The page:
A contractor could maneuver a crane through the gaping hole in Wisconsin’s oversight of those who operate the machines.

But that’s the reality in a state that chooses to cross its fingers and hope no one dies rather than institute a system to certify or license crane operators. Wisconsin would rather wait for the Occupational Safety and Health Administration’s national certification rules than pass state legislation.

That decision goes back to 2010, when then-state Rep. Joe Parisi, D-Madison, proposed a bill that would have required licensing for crane operators. It failed because OSHA’s less-stringent certification for operators was on the horizon.

At the time, Terry McGowan, business manager for the International Union of Operating Engineers Local 139, questioned the wisdom of waiting for OSHA. The union and other organizations have their own training requirements for operators, but participation in those programs is voluntary.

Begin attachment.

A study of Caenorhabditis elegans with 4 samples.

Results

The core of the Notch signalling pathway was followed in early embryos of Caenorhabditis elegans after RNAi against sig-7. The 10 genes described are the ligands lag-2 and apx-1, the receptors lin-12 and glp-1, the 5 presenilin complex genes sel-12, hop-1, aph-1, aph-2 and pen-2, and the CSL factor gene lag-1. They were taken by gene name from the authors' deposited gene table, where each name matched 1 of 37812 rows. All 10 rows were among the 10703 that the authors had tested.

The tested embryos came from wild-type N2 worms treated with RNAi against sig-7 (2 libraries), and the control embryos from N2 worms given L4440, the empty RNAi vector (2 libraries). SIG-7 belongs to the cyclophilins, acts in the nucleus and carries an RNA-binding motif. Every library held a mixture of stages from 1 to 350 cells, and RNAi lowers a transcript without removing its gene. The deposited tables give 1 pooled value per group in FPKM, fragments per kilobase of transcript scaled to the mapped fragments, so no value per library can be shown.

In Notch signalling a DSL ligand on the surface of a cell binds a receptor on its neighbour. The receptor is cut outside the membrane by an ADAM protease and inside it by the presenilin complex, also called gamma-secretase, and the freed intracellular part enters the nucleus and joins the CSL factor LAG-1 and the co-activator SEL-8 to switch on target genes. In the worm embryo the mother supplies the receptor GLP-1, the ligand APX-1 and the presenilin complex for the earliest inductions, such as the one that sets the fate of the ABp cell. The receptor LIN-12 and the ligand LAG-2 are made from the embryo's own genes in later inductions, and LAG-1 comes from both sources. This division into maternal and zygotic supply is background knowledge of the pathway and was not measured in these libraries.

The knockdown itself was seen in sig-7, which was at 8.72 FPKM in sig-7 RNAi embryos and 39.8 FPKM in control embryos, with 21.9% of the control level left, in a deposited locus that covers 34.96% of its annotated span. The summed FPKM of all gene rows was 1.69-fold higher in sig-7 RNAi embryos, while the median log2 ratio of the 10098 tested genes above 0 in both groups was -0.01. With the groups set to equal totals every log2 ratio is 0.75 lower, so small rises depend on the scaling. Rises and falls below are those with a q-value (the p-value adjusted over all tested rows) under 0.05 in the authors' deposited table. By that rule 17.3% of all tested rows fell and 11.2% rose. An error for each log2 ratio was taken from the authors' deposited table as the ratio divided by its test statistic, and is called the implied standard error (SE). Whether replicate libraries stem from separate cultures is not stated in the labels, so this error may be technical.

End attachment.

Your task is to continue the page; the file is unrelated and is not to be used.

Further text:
“This is all about making sure the workers are safe,” he said.

McGowan was right.

If the 2010 bill was flawed, then it was the responsibility of those involved to find a solution for the sake of safety.

But state leaders chose to wait. They’re still waiting.

OSHA’s certification rules appeared on the Federal Register in November 2010 with the caveat they would not go into effect until 2014. Until then, employers in Wisconsin need only prove to OSHA that they have spent at least a minimal amount of time teaching employees how to operate cranes. There is no testing. There is no minimum number of hours to be spent on training.

Two people died this year in crane collapses on Highway 41 in Wisconsin. That’s not an indictment of the training those crane operators received but it’s a clear illustration of how dangerous cranes can be.

Most crane operators in the state are trained, experienced and able to safely run the machines. Very few construction company owners would risk putting a multimillion-dollar crane in the hands of someone incapable of doing the job.

But avoiding risk is the incentive for certification. There’s no reason to gamble. There’s no reason to trust that every person with access to a crane also has access to responsible decisions about who will run the equipment.

Meanwhile, Wisconsin legislators sit on their hands. And the risky belief that OSHA’s certification will be here soon enough grows stronger with every passing day.